High prospects for bullet chillis inspire a farmer

Rangenga working on his farm in Kitengela.

Paul Rangenga, 44, ventured into this farming nine years ago. He started with a capital of Sh85,000 in 2011, after visiting a friend in Kitengela, who was growing the crop.

“I visited my friend in Kitengela and found the crop on his farm. Unfortunately, he had no market and he was planning to cut them down, but I persuaded him not to do so,” says the farmer.

Since he had experience in sales and marketing, he promised to assist him to get market for the produce. He succeeded in securing the market for his friend’s produce through another friend of his, who was exporting bullet chilli overseas.

It is at that time that it dawned on him that there is always a market for bullet chilli. The farmer says that the availability of a ready market for the crop made him venture into bullet chilli farming, and he has no regrets.

According to the farmer-cum-agronomist, the bullet chilli is the best compared to other varieties.

“It is the best compared to others because it has more weight. Also, it not labour intensive, it is easy to manage and harvest,” reveals the farmer, who carries out bullet chilli farming in a two-acre farm in Kitengela, Kajiado County.

Though it is tough for farmers in the area to carry out farming activities due to shortage of rains, this has not deterred him from engaging in the farming of the crop.

The farmer says that water is key in the area, and any wise farmer ought to invest first in getting water, before embarking on any farming activity.

“We have drilled a borehole which enables us to get water to irrigate the crops throughout the year,” says Rangenga, adding that there must be water stored in tanks also, to be used when there is no power.

Bullet chilli takes twelve weeks or three months before a farmer starts harvesting. A farmer should ensure that his farm has the requisite standards required by Horticultural Crops Directorate (HCD) and Kenya Plant Health Inspectorate Service (KEPHIS) to produce quality products for export.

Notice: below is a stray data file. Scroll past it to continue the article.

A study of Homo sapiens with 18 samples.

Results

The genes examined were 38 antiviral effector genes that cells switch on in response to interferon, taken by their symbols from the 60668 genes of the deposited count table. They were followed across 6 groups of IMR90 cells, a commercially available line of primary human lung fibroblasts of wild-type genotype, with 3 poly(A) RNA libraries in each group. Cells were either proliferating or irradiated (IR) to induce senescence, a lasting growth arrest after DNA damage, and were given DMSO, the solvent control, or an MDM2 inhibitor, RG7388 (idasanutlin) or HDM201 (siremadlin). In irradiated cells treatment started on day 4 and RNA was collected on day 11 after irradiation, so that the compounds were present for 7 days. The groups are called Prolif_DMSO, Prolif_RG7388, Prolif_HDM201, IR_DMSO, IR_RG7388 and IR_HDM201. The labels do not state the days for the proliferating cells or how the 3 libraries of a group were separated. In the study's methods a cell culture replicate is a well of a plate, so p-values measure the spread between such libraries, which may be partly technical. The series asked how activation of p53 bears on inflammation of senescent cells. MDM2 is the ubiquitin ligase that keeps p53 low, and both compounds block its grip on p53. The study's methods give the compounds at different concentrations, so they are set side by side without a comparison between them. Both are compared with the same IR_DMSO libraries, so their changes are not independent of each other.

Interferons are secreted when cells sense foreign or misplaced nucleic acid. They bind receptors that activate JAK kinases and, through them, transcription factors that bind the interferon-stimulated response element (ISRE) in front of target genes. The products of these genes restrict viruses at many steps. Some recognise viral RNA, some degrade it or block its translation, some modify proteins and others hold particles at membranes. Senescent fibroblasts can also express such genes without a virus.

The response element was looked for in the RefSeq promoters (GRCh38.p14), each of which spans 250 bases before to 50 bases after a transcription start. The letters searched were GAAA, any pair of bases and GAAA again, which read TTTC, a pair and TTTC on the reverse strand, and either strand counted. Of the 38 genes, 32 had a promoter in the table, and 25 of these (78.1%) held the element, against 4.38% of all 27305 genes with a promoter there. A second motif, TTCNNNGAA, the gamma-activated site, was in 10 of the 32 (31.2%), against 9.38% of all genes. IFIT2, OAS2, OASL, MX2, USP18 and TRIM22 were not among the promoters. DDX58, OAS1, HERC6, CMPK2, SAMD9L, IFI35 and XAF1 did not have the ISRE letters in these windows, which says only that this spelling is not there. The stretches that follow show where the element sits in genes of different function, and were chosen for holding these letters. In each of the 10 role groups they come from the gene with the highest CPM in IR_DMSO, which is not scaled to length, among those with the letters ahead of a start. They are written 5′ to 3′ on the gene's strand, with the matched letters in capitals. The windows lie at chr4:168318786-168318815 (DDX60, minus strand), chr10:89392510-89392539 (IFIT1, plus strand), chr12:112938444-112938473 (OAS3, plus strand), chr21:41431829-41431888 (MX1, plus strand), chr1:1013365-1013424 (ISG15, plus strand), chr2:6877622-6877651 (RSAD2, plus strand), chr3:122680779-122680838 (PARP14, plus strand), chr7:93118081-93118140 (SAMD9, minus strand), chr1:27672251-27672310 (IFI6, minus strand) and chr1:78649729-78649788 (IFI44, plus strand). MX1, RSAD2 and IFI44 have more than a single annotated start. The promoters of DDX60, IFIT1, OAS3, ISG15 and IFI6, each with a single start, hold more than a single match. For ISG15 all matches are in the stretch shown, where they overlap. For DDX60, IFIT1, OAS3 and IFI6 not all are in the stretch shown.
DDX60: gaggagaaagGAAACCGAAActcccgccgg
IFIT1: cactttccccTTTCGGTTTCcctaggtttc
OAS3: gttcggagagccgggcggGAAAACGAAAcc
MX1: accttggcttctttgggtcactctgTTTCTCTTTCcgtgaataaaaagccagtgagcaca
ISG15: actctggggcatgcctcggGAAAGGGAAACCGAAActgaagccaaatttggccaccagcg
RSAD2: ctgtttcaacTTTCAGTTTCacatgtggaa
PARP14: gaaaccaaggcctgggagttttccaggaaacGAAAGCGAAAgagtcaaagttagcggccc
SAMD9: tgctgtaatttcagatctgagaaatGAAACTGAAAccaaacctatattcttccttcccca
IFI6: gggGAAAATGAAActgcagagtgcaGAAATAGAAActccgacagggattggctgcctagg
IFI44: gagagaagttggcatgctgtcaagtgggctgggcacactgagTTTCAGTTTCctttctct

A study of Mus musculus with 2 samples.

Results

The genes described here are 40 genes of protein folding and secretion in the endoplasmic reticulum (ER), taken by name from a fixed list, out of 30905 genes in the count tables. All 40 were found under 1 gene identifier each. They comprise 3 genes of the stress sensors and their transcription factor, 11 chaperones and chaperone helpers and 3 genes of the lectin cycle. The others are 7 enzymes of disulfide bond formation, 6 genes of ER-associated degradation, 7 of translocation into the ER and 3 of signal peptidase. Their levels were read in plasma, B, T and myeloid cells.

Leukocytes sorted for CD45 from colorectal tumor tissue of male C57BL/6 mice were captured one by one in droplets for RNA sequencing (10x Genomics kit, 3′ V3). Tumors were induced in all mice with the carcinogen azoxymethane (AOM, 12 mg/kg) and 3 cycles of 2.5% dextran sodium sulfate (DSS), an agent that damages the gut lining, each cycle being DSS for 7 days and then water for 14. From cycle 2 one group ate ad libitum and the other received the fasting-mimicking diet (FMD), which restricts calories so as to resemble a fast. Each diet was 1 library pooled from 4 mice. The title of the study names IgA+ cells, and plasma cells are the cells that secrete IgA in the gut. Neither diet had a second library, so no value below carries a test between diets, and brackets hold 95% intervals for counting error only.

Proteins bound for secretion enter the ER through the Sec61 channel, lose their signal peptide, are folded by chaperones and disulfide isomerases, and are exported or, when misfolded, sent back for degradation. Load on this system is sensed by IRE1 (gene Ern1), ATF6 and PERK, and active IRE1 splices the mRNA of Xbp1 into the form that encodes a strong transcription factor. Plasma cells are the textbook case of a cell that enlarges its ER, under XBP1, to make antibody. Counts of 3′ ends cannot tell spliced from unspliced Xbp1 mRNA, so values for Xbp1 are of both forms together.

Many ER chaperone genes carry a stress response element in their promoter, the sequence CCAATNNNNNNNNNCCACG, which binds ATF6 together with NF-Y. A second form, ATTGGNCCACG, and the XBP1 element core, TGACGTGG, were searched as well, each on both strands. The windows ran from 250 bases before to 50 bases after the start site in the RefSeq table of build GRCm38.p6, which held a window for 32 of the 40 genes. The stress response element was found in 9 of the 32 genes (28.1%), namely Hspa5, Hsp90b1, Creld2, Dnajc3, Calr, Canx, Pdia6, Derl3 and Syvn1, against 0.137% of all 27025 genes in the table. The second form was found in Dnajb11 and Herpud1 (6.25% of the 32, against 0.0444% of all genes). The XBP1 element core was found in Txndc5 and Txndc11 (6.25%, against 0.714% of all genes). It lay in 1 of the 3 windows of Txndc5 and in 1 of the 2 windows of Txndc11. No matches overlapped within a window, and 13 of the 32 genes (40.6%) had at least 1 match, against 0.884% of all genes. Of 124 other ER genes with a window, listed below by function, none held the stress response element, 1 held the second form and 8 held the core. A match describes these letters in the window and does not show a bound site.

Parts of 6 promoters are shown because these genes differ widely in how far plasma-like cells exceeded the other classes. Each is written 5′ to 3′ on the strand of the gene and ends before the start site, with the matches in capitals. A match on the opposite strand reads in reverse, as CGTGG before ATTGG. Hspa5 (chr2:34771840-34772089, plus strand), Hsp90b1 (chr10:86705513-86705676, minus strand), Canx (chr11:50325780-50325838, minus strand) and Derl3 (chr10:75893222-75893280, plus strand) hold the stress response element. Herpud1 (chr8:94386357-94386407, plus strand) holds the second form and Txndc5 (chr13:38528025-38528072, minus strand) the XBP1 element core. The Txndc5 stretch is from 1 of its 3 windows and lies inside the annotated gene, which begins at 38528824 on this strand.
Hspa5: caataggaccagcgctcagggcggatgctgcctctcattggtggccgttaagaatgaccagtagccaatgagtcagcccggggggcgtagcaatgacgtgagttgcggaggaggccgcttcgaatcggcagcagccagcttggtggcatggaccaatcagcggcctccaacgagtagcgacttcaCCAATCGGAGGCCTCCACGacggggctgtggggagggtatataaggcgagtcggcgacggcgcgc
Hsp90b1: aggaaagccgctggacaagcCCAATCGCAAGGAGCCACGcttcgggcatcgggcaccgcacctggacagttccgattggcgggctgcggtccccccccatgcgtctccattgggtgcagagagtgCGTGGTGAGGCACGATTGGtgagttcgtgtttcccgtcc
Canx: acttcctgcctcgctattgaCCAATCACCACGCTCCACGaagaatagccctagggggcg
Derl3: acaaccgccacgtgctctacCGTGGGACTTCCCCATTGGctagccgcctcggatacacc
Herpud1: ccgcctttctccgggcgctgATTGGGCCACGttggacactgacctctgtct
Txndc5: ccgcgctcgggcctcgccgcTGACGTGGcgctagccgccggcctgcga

Labour shortage

The only big challenge that the farmer has been experiencing is lack of enough workers, especially during harvesting of the produce.

According to him, a farmer has to be careful about diseases and pests that attack the crop. He says that it is good to prevent them before ravaging the crops since prevention is better than cure.

He reveals that the market for their produce is in England, Germany, Norway, among other overseas countries.

The farmer, who is also an agronomist, advises that bullet chillis ought to be sold when they are still green in colour, and not when they have turned the colour into red.

He says that bullet chilli can be sold per kilo, or using a 4.5 kg box. The 4.5 kg box sells at a price of Sh420.

In one week, the farmer harvests 1.4 tonnes of bullet chilli, and in one season, which is about five months, he gets a total of 28 tonnes, in an acre piece of land. In the two acres that he uses, he gets a total of 56 tonnes. He reveals that he can pocket up to Sh2.8 million in profit.

For those who would like to venture into bullet chilli farming, Rangenga urges them to do so, since there is a ready market for the produce. Nevertheless, they should know that there are some challenges that they have to embrace.

He is optimistic that in future, he will register other farmers who grow bullet chillis and create more employment opportunities.